The practical guide to resisting Trump, by former Congressional staffers

President-elect Donald Trump speaks during a rally at the Wisconsin State Fair Exposition Center, Tuesday, Dec. 13, 2016, in West Allis, Wis. (AP Photo/Evan Vucci)
President-elect Donald Trump speaks during a rally at the Wisconsin State Fair Exposition Center, Tuesday, Dec. 13, 2016, in West Allis, Wis. (AP Photo/Evan Vucci)
Image: AP Photo/Evan Vucci

This, however, doesn’t mean that citizens are powerless in the face of the government, or that Trump, enjoying a Republican majority in the US House and the Senate, will have carte blanche to do what he pleases. Citizens have ways to resist laws and measures they disagree with, whether proposed by Trump or anyone else in power, through the democratic tools at their disposal.

A group of former US congressional staffers, including financial security strategist Ezra Levin, immigration advocate Angel Padilla, and public interest lawyer Jeremy Haile, has put together a US citizen guide to strategic resistance, inspired by no less than America’s Tea Party. Using the same methods conservatives employed to undermine US president Barack Obama’s agenda, progressive can halt president Trump’s, their document argues.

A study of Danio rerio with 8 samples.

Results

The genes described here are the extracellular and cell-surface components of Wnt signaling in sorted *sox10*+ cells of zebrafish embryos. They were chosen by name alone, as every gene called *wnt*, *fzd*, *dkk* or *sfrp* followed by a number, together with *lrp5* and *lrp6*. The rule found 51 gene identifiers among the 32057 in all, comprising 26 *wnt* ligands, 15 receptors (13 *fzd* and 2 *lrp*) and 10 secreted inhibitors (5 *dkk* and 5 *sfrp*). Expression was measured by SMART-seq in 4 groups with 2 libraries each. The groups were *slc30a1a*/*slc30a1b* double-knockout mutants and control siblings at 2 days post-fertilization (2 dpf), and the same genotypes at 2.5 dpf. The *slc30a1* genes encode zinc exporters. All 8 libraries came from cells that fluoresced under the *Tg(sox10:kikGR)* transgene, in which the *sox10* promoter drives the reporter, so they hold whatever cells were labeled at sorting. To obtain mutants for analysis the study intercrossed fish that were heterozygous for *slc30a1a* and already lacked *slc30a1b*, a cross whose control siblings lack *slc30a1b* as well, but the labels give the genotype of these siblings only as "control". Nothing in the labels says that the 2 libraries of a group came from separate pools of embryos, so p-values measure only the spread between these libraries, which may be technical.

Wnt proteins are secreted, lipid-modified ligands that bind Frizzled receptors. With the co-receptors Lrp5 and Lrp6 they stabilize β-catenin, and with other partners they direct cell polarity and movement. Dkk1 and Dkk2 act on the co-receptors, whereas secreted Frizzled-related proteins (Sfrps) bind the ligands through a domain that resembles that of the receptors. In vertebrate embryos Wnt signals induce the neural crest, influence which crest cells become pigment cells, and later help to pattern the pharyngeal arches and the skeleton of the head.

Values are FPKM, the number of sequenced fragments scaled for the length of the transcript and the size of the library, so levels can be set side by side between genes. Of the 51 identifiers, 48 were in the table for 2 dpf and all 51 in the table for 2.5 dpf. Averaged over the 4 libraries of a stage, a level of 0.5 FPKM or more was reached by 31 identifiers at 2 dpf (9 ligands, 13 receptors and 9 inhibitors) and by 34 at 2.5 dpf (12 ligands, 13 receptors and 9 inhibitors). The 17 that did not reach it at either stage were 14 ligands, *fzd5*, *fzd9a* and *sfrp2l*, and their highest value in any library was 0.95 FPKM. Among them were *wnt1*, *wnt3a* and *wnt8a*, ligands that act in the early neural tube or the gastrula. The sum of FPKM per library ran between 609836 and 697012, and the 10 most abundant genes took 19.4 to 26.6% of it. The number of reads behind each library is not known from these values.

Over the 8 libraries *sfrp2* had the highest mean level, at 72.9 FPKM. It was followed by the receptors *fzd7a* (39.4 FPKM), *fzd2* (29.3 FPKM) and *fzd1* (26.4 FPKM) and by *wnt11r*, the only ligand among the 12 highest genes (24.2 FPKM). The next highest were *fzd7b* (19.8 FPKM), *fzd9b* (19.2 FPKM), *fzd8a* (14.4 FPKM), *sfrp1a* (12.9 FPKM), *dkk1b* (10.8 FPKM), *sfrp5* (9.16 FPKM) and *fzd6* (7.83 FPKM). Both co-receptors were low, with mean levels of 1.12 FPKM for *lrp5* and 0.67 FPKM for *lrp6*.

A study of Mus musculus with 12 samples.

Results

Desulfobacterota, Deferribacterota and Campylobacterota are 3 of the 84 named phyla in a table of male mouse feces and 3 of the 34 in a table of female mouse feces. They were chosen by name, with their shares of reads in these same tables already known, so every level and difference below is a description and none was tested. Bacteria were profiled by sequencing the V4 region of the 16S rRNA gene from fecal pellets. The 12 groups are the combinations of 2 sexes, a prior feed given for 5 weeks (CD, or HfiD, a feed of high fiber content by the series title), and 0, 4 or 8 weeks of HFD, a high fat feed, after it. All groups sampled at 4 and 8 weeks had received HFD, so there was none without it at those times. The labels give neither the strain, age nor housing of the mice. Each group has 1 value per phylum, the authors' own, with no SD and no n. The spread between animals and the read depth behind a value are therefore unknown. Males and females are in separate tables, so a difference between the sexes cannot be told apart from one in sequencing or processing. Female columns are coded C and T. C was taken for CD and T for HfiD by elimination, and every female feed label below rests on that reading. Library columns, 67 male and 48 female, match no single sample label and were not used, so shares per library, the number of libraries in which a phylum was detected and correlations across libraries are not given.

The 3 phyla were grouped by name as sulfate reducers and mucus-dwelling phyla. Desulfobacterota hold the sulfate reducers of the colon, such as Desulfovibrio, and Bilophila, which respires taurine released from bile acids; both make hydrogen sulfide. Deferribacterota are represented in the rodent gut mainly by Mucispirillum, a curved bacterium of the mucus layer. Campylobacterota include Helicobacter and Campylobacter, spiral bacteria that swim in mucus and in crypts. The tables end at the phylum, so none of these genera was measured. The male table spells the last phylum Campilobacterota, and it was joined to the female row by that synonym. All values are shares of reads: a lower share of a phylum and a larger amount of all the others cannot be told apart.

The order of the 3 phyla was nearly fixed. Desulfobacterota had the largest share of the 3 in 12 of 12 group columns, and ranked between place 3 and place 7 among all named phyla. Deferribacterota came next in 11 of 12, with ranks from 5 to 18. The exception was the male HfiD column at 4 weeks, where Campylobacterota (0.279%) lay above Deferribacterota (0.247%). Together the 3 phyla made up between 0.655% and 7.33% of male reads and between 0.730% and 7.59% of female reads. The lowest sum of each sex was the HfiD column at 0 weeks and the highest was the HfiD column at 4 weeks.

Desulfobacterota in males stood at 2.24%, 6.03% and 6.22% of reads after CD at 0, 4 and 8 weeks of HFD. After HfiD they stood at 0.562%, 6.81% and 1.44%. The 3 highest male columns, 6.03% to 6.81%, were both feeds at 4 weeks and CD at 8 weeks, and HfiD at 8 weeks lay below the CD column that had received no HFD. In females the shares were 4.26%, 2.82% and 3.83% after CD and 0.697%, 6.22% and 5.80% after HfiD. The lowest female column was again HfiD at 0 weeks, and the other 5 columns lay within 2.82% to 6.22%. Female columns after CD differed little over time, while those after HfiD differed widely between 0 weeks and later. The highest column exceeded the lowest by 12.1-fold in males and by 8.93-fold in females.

The guide, a widely shared Google doc titled “Indivisible: A Practical Guide For Resisting the Trump Agenda,” is advertised as “a step-by-step guide for individuals, groups, and organizations looking to replicate the Tea Party’s success in getting Congress to listen to a small, vocal, dedicated group of constituents,” and is aimed at both Democrats and Republican voters who oppose Trump.

The guide is divided into four broad sections, analyzing how grassroots advocacy worked against Obama, how members of Congress think (and how to influence their actions accordingly), how to organize local activist groups, and how to employ local advocacy tactics effectively.

The guide suggests focusing on playing defense rather than offense. Rather than pushing forward policy, they advise, focus on influencing representatives in Congress by making them feel their reelection is on the line.

The guide closes with a note of inspiration drawn from one of Obama’s best-known quotes: “Change will not come if we wait for some other person or some other time. We are the ones we’ve been waiting for. We are the change that we seek.”

The document is full of insight about what does and does not work. (Example: members of Congress tend to listen to their own constituents, not voters from other districts, and they are more likely to answer actionable asks rather than vague requests.)

Whatever one thinks of the emerging Trump administration’s plans, this is a precious compendium on the importance of political engagement, and a reminder of the real power available through active participation.